Nintendo’s Wii: Do Your Customers Really Know What They Want?
When Satoru Iwata started as a CEO for Nintendo Co. when the market share of Nintendo in the gaming industry was decreasing. Iwata realized that trying to directly compete with Sony’s PlayStation would be extremely hard. Therefore, Iwana wanted to increase the pie instead of gaining a larger piece of the same pie.
Many CEOs would look at their current customer base to see what they would be missing. However many customers do not actually know what they are missing; since their view becomes very narrowed. Therefore, Iwata looked and asked the participation of people that were not the current customers. Hence, increasing the size of the pie instead of a piece of the pie.
By talking with people that were not currently gamers, Nintento discovered what kept other people from gaming. One of these was the difficulty of the games as well as the controllers that were used to play the game. The consolers of the PlayStation or X-box gave customers that were not real gamers and uncomfortable feeling.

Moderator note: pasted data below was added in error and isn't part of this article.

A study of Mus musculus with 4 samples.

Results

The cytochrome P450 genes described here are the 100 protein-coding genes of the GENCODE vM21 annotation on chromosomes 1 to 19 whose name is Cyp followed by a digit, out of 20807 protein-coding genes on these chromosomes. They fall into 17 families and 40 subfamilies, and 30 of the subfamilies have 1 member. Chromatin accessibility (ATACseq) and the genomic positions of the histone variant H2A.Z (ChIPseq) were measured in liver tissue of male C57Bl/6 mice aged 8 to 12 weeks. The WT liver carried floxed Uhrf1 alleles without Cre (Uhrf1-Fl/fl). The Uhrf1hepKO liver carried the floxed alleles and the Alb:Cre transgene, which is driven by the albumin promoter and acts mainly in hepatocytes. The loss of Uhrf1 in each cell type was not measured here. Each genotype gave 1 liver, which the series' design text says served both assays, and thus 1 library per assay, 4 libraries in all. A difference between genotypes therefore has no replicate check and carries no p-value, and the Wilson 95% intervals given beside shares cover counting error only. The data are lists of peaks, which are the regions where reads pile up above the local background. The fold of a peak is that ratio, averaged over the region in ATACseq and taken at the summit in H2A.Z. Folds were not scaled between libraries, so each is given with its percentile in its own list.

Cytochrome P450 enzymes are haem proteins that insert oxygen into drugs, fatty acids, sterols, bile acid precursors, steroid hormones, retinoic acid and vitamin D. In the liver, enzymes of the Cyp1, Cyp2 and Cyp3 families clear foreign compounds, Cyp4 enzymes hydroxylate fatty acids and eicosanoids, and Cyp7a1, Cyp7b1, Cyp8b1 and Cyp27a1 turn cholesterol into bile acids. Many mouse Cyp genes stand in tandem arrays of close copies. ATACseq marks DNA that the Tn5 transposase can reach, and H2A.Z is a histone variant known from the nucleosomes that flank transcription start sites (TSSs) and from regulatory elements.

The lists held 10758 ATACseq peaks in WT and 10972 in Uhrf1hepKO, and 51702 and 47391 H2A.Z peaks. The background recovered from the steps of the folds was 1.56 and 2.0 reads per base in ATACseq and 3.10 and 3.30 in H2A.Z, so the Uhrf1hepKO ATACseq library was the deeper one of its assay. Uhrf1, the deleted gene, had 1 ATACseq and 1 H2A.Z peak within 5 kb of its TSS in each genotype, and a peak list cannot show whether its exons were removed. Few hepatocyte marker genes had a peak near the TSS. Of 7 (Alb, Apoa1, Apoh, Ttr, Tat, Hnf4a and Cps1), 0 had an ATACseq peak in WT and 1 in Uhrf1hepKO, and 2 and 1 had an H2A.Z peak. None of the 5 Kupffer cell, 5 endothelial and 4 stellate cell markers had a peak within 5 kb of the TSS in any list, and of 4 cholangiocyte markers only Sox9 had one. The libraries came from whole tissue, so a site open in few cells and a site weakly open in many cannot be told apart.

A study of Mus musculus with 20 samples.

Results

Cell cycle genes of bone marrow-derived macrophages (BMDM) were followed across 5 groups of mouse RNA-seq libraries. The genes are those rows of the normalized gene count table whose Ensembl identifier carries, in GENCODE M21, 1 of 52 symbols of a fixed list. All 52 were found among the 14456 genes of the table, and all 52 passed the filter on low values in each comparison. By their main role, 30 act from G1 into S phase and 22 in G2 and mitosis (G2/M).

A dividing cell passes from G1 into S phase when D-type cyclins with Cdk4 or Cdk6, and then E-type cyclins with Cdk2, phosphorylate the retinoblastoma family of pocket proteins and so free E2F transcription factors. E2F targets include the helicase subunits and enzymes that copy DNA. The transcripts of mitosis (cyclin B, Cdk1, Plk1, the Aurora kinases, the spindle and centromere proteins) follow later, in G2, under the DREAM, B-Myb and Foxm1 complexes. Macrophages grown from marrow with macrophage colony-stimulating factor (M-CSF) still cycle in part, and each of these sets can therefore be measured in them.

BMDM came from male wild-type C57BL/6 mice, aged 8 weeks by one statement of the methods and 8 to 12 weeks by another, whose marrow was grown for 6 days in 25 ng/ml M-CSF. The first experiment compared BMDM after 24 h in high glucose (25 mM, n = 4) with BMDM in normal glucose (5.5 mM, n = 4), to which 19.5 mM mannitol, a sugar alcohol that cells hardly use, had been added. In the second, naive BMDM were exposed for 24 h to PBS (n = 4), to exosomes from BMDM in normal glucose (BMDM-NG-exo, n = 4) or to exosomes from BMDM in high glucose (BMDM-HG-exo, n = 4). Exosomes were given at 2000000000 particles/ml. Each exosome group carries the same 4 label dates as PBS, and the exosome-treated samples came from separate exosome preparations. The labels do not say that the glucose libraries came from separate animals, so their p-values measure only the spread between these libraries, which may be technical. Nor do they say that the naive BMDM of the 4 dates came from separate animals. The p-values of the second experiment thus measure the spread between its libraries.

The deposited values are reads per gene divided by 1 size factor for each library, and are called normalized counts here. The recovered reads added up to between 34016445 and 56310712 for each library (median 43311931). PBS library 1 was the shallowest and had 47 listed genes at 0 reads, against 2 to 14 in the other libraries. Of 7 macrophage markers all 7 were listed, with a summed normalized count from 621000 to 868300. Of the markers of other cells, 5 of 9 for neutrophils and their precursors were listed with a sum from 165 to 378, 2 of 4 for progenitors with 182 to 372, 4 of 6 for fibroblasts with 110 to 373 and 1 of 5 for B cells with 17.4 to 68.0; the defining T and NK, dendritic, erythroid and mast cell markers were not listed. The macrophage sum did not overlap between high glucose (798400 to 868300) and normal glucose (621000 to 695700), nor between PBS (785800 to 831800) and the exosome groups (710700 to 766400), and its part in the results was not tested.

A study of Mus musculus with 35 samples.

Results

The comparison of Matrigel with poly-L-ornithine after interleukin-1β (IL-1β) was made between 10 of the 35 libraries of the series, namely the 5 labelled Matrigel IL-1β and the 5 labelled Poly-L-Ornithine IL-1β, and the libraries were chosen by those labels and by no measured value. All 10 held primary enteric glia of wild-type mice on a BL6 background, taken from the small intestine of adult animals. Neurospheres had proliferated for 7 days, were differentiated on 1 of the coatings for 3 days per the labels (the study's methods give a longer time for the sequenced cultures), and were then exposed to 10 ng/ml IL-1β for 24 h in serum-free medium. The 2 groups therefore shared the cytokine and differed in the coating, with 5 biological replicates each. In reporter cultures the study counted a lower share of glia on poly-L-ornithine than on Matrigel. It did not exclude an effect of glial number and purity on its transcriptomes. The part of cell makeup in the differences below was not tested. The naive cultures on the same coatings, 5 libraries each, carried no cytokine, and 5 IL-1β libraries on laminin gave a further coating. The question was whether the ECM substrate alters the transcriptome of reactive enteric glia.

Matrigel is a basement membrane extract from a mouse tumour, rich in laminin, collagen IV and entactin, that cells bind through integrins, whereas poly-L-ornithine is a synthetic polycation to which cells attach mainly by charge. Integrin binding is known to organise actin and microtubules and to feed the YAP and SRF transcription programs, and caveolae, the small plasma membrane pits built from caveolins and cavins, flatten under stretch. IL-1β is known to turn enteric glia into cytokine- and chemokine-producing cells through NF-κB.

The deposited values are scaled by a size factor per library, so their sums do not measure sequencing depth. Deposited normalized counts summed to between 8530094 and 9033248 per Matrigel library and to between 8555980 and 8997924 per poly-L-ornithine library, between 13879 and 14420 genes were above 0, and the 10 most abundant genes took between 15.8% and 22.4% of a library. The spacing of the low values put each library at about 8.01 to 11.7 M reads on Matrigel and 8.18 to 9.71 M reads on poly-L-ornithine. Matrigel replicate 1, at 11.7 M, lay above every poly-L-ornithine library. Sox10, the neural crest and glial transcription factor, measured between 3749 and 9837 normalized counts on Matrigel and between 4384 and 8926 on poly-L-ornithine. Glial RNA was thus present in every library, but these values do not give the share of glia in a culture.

Hence, Iwata discovered that people wanted to play games in an easy sense of playing the game. Therefore, they created the Nintendo Wii that was a wireless consoler. This created a disruptive product; thus it was something that had otherwise not been created. Through the creation of the Wii, the contribution of Nintendo to the gaming world increased dramatically. The Wii gained a whole new demographic that started gaming.
Therefore, the question of interest is whether customers really know what they want? And whether it should be the customers that the company looks for to create new ideas. As with the Nintendo Wii, it was the way that Iwata looked at the customers he did not have, but the customers he could gain. This interesting case study made me think about the innovations of information strategy but also the way of analysing the currently market in which specific customers operate. Sometimes its not about the piece of the pie; but the size of the pie.